Try Being Wrong for a Change: A Conversation with Michael McBride
If your past has failed to offer a clear path forward, Michael McBride’s story might bring some clarity. He’s a self-declared “professional dilettante” with a spirit as boisterous as it is contagious. He encourages people to transcend boundaries by getting curious. In a culture that likes to label and isolate, gaining new perspectives is productive rebellion.
Having changed college majors a handful of times, his knack for traversing conventional expectations is almost enviable. His creative genius is even more desirous. Some of Michael’s notable professional titles include journalist and producer. During our live conversation, he so casually mentioned producing the chilling “You & I (Nobody in the World)” music video for John Legend that we almost forgot to include it here. Upon review, he may or may not be a nonchalant extra appearing at 1:47 — we’ve yet to confirm. Michael undoubtedly earned accolades in the entertainment industry; what’s more, he chose road-tripping across the country, picking up hitchhikers over basking in the Los Angeles limelight.
Michael’s policy of “never saying no to a hitchhiker” resulted in numerous lasting friendships, which is not in the least surprising. From United States backroads to India, then London, Michael has never been one to sit still. When the pandemic confined him within the walls of a Seattle residence, his world shrunk. But as Michael would attest, creativity knows no bounds.
Michael decided to quit his job as a management consultant to pursue content creation full-time. Embracing his passion for history and natural ability to talk impressively fast, he shares bite-sized facts on social media with hundreds of thousands of followers. Most would rather drink pickle juice than learn about history, but Michael makes bizarre historical facts appetizing. The secret sauce? Passion. “I don’t come from a professional or academic background; I don’t get caught up in the minutia and the textbooks. I really just talk about it like a normal person,” says Michael. Michael’s slick storytelling skills have made room for curiosity in a time when people are suffocatingly constrained.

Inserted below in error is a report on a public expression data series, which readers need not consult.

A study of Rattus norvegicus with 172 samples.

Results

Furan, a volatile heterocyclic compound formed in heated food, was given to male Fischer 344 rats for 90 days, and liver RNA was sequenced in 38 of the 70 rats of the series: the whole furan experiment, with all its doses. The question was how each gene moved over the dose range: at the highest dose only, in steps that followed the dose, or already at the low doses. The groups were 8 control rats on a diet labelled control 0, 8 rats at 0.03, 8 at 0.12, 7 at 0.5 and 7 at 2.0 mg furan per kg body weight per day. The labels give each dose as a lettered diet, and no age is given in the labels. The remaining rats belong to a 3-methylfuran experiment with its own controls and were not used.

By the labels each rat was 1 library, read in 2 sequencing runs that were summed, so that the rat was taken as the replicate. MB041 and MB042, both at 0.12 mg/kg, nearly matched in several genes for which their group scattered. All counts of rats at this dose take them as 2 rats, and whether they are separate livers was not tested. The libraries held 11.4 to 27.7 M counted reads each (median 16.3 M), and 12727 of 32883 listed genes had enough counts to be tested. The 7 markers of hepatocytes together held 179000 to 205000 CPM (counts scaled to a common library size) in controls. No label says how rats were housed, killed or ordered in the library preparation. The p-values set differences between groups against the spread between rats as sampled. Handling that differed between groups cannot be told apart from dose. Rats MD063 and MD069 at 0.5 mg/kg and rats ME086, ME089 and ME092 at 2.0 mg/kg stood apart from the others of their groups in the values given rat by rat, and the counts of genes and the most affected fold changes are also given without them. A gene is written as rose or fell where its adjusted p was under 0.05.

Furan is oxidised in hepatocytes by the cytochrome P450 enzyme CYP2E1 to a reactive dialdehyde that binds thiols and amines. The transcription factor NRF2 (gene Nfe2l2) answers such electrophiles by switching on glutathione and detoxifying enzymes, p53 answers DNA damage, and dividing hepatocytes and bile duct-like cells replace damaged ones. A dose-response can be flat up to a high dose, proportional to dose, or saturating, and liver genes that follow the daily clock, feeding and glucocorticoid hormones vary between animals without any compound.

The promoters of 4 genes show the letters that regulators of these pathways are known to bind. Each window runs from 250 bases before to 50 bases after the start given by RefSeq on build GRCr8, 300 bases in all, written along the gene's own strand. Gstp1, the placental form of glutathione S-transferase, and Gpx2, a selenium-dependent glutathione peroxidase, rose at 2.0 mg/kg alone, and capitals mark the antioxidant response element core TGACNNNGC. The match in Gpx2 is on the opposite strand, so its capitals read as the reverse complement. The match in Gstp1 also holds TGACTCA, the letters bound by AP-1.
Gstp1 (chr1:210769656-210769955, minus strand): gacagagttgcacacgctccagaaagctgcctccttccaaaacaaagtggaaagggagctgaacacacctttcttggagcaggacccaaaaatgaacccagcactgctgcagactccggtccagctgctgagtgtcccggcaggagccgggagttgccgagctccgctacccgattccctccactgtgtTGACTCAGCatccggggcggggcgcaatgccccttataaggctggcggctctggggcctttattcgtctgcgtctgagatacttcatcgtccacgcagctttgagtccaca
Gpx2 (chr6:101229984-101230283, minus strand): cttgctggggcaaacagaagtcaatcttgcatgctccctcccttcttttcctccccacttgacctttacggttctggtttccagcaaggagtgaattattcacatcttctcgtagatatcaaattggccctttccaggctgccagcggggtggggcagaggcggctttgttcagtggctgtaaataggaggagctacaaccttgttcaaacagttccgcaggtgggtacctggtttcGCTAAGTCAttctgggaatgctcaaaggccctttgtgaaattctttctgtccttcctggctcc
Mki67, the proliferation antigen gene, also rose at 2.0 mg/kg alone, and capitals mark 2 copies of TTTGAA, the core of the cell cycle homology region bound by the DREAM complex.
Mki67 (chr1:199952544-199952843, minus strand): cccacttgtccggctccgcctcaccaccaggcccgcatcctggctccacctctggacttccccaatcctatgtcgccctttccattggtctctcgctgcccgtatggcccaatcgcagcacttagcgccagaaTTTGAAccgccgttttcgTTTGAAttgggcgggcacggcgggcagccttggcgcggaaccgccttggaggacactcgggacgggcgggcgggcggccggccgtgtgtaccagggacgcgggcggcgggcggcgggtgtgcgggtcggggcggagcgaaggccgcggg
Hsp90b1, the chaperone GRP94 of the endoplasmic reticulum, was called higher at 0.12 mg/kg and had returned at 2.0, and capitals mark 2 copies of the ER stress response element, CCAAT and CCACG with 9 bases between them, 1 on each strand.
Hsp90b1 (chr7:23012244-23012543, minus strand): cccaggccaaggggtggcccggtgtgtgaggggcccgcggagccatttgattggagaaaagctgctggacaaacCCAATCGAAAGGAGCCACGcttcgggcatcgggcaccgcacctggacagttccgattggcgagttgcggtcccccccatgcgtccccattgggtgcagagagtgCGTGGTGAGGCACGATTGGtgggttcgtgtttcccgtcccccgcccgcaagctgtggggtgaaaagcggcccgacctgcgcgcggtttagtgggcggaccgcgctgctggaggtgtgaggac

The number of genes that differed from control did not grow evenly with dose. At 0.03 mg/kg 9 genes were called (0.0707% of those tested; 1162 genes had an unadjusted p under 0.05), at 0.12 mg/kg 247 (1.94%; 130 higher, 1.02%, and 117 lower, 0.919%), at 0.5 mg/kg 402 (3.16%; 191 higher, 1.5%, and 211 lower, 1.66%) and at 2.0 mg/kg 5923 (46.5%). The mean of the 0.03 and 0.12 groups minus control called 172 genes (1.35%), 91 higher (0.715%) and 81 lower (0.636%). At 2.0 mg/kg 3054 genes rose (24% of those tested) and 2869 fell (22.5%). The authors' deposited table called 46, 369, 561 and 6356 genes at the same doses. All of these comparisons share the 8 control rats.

Unable to share exciting travel vlogs or behind the scenes content from exclusive events, social media suddenly looks like it took a break from botox. Michael’s storytelling savvy and passion resonate with people awakening to the thrill of authentic simplicity: “Millennial values traditionally have been experiences over things. Freedom over permanent assets. We scorned that white picket fence dream of our parents,’ thinking ‘I want to be a digital nomad and get paid to travel.’ All of the sudden, those values — by a single rocky event — flipped on their head.” Sit with that for a second.
Thankfully, many have taken to social media to practice empathy during COVID-19. People are speaking out about the honest pains of being human. New health trend: replace filler content with more fulfilling content.
Alongside short-form videos unpacking the inner-workings of air conditioners at record speed, Michael writes eloquently and more exhaustively about important matters like mental health, another global crisis. His intention isn’t to seduce viewers into loyal followership but to ignite curiosity, incite action, and inspire conversation around topics he can’t seem to stop talking about.
To engage in meaningful conversation, “We need to be willing to be proven wrong,” says Michael. Willingness is most easily achieved in a culture that accepts being wrong as a fundamental part of learning. Uncertainty underpins curiosity; those who are truly curious are courageous enough to admit they do not know and are willing to learn. They are ready for a conversation — Michael’s content is a catalyst for just that.